The Egan Report drew comparisons between manufacturing and construction, so how has the relationship changed over the past two decades? Nathan Doughty, CEO of Asite, shares his thoughts
The intersection between working methods in construction and manufacturing is a fascinating area and a focal point for Asite’s approach to innovation. In fact, it’s been part of our DNA ever since Sir John Egan became our founding chairman.
Sir John is the former CEO of Jaguar Cars and Heathrow Airport Holdings (formerly BAA). Because of his background in manufacturing, he was tasked with leading the committee that produced the Egan Report in 1998. This report, as I explained in the first post in this series, explored how efficiency techniques pioneered by the automotive and aerospace industry could be applied to the UK construction sector.
So more than 20 years on, how widely have these techniques been adopted? And what impact have the technologies behind the “fourth industrial revolution” had on the modern construction industry?
Let’s start with a quick overview of one of the 20th-century’s biggest industrial breakthroughs: lean manufacturing. The concept was pioneered by Toyota in the 1930s and focuses on using efficiency to add value for the customer. It’s an innovation that, in many ways, was every bit as revolutionary as Henry Ford’s assembly line.
It stemmed from the Japanese philosophy of kaizen, which basically means “always improving”. It is often used interchangeably with related concepts like just-in-time manufacturing, which is based on ordering parts in small quantities and short-term production cycles. This ensures parts arrive “just in time” to be used, which removes the need to keep them in inventory.
Toyota discovered that this system significantly reduced the lead time on orders and also production costs. It has since been adopted by many other manufacturing companies and in the 1990s people began to ask how it could be brought into construction.
One of the first big projects that Asite worked on, Heathrow Terminal Five, actually put this idea into practice. We implemented a just-in-time logistics solution that helped to integrate the client, BAA (now Heathrow Airport Holdings), with several other tier-one contractors engaged to deliver the project. In turn, these contractors had a whole raft of companies below them supplying everything from window frames to timber and plaster.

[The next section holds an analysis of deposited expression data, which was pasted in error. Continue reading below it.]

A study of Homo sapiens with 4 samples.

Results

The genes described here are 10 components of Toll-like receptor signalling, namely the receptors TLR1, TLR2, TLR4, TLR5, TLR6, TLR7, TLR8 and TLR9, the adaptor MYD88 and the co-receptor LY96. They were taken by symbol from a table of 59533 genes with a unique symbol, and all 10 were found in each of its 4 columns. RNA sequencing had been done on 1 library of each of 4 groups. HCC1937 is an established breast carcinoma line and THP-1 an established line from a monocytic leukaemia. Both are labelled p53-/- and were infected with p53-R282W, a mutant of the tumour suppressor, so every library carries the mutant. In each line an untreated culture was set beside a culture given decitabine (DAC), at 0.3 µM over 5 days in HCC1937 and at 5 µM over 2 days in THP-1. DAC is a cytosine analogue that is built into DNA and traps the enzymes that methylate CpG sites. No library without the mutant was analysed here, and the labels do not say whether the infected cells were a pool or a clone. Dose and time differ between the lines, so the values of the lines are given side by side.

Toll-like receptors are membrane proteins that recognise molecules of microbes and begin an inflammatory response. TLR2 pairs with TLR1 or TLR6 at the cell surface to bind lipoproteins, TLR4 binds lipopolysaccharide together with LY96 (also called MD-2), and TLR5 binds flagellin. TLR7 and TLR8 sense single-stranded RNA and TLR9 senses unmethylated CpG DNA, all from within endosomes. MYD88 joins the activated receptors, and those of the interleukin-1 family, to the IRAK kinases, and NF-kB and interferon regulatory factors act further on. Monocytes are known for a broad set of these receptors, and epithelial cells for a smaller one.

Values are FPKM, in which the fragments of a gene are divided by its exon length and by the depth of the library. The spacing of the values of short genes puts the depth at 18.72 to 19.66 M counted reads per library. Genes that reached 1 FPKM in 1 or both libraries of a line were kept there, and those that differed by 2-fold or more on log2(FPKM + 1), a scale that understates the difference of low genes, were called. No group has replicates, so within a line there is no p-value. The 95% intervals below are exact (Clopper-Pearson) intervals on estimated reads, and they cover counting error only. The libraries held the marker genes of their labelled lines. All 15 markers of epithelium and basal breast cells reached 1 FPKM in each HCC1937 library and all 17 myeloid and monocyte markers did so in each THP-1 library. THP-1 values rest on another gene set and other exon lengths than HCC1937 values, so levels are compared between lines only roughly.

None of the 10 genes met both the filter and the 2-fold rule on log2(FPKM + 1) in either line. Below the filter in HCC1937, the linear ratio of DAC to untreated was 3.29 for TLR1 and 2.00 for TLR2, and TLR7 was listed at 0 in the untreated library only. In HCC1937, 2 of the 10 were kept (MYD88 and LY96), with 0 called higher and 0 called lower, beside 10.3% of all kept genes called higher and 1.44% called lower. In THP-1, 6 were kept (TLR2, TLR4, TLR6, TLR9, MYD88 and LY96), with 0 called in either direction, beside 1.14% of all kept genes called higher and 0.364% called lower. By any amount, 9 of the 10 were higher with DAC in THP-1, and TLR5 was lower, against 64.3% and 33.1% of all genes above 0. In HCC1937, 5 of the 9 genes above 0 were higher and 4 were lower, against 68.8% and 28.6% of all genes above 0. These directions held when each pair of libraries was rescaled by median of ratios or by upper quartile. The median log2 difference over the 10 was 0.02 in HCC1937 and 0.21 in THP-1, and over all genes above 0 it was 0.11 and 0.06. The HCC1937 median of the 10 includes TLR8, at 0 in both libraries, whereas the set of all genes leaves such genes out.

These goods were constantly arriving, but there was only one gate into the site and storage space was limited. But with the system we introduced, when a window frame installer only had a low percentage of frames remaining, for example, they could simply swipe a code to automatically request more from the supplier. This meant everyone was able to use only what they needed, when they needed it.
Such systems also address unforeseen issues, for example those times when a scheduled delivery of window frames isn’t needed due to delays further up the chain. In other words, they allow you to be more adaptable to real-world situations.
Since the Egan Report was published, there has been a concerted effort to advance off-site construction. It’s a slow-moving process, however, due to the complexities of construction industry supply chains.
Unlike tightly controlled manufacturing supply chains, which may only feature one or two major players, in the UK construction sector alone approximately 200,000 companies are supplying the industry, often specific solutions for unique projects. In other words, whereas every 747 jet is more or less the same, every building or bridge is completely different.
Despite these challenges, off-site construction has certainly progressed over the past 20 years. Some recent studies show that around £5 billion to £6 billion of the UK construction sector’s £90-billion annual output is now being delivered off site, so it’s fast becoming a key part of how many assets are designed and built. Laing O’Rourke’s state-of-the-art Explore Industrial Park, for example, shows just what can be achieved with off-site manufacturing.
Meanwhile, Asite is working on the Ras Abu Aboud Stadium, which is being built in Doha, Qatar, in time for the 2022 FIFA World Cup. It’s a project that’s pushing the envelope for off-site and prefabricated elements; once the World Cup finishes, the stadium is designed to be easily dismantled and repurposed for other projects.
Suppliers are now more aware of the value smart products can bring to a project and the benefits of investing in them. The term “smart products” obviously covers a wide range of technologies and materials, from IoT or internet of things-enabled smart bricks to radio-frequency identification tags. But the main characteristic of many of these products is they can send and receive data about themselves or their environment.
When placed within the fabric of a building, they enable it to become smart and support the creation of digital twins, which are digital replicas of physical assets that provide real-time insight into their status and use. So while there’s been much talk of the use-cases for IoT in manufacturing, it’s a technology that’s equally at home in the built-environment industries.
In fact, smart product manufacturers in this space have the ability to fundamentally change the way we use houses, offices, shops and other built assets in future. A strong innovation ecosystem comprised of Asite and other ConTech companies could also act as a kind of external research and development department for the construction industry, developing and refining many of the tools and techniques that have proved so influential in the manufacturing sector, including the apps every site worker now carries in their pocket.
In other words, if we work together and apply a kaizen mindset to construction processes, there’s no reason why the industry can’t become just as efficient and innovative as companies like Toyota.